Appealing or Modifying a Divorce: Which is Right for You?
After a divorce is finalized in California, one spouse may not agree with the final terms included in the settlement. While many people believe that they are out of options once the settlement is finalized, this is not the case. At the Law Office of Bradley S. Sandler in Beverly Hills, our experienced divorce lawyers have helped clients determine whether to appeal or modify the original divorce agreement in order to secure terms that better align with their situation. To learn more about which option is best for you, call or contact our office today to schedule a consultation.
Which is the Better Option?
Determining whether to appeal or modify a divorce settlement is first based on timing. An appeal must usually happen within 30 days after the final judgment of the court on the divorce settlement. However, a modification can take place any time after the finalization of the divorce, but it typically occurs months or even years after the original terms are settled. Second, the reason for the change often determines which option is best. An appeal is made when a spouse believes that a mistake in substantive law or procedure during the divorce proceedings fundamentally altered the outcome of the case. A modification is made when there has been a substantial change in circumstances for a former spouse or child. In order to be considered a substantial change in circumstances, the current situation must be permanent, material, unanticipated at the time of the original finalization, and significant enough to warrant the change.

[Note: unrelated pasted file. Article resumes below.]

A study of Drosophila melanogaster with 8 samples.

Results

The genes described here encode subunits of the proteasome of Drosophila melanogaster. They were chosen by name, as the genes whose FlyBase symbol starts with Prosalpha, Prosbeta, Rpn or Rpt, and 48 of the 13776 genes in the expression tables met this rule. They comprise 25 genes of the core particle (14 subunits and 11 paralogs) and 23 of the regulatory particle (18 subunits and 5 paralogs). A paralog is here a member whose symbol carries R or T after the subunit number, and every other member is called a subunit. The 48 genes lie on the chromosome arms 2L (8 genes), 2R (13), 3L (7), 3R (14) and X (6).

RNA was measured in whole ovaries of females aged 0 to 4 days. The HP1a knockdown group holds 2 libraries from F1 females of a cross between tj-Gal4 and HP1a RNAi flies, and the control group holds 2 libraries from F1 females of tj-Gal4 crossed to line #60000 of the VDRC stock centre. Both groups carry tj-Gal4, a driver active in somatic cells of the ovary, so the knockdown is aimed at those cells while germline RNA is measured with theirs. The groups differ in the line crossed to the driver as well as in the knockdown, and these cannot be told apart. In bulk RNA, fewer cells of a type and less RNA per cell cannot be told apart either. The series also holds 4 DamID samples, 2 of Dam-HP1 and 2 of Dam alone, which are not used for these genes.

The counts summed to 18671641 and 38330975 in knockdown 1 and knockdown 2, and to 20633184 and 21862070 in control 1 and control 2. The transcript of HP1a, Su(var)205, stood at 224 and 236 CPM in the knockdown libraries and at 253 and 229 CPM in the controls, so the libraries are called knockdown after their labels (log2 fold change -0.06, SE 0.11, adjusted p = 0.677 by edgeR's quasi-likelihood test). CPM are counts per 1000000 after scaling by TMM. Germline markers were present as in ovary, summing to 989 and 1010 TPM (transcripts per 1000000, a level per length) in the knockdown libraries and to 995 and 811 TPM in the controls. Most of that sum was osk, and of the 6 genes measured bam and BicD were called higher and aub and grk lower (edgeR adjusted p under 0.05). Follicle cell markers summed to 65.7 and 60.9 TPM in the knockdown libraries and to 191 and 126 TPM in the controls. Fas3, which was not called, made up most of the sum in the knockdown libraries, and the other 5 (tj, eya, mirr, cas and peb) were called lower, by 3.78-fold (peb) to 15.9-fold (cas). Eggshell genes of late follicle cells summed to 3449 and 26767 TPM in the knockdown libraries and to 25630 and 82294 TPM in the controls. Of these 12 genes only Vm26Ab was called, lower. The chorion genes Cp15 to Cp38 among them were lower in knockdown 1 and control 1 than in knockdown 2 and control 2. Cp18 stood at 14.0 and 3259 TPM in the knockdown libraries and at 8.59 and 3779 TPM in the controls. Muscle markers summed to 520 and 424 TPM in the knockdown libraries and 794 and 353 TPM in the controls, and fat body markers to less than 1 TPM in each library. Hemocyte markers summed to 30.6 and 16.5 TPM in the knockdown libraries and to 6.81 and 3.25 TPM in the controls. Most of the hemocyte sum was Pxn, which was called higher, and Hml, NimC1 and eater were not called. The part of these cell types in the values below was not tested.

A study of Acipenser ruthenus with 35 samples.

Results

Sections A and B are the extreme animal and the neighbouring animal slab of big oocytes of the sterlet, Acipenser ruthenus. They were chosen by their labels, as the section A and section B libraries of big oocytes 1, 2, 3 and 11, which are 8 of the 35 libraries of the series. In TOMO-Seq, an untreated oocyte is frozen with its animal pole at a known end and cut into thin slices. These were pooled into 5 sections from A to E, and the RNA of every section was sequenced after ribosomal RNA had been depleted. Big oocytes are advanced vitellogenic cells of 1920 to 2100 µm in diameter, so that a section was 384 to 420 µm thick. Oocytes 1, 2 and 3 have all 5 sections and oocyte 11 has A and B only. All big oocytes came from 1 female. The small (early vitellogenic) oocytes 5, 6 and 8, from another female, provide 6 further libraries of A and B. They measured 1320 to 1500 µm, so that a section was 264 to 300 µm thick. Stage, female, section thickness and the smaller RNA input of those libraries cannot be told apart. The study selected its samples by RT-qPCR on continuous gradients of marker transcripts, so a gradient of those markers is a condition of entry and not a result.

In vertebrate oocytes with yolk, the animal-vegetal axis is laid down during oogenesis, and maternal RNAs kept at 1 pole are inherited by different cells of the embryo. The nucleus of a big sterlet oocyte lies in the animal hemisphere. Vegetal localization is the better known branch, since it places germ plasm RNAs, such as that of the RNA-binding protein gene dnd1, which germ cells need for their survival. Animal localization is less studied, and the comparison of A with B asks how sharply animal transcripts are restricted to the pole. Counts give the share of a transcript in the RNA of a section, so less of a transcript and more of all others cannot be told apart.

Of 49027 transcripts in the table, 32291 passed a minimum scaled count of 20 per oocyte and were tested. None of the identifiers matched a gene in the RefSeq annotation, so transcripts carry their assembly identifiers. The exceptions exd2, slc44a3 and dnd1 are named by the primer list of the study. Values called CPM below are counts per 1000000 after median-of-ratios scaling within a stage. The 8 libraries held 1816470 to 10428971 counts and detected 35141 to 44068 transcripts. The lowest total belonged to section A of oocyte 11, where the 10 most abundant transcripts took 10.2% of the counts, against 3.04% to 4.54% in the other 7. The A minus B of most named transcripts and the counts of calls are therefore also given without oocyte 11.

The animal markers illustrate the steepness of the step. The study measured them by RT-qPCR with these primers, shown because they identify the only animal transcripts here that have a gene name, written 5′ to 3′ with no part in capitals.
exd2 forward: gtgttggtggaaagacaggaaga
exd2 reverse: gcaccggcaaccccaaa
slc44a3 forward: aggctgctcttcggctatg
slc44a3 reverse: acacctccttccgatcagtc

How Does an Appeal Work?
If a spouse decides to appeal the terms of the divorce, their attorney files a notice with the court of their intent to appeal within 30 days of the final judgment. Written briefs are drafted by each side and exchanged, with each side getting the chance to respond before submitting the briefs to the appellate court. Oral arguments provide each side an opportunity to answer questions and argue their case. Once complete, a panel of appellate judges will determine whether to accept the initial ruling of the trial court, reverse the decision, or remand the case back for further proceedings.
How Does a Modification Work?
A modification can occur in two different ways and typically affect the more significant aspects of a divorce settlement like alimony or child custody. First, a modification can be done through a simple written agreement if both former spouses agree to the changes. An attorney can draft the modification and submit it to the court with spousal signatures. However, if one former spouse does not agree then the spouse wishing to modify the terms must petition the court. A full hearing is done to determine whether the situation qualifies as a substantial change in circumstances and how this change should alter the terms of the divorce.
Call or Contact Us Now
If you are interested in appealing or modifying your divorce in the Los Angeles area, call or contact the Law Office of Bradley S. Sandler today to schedule a consultation.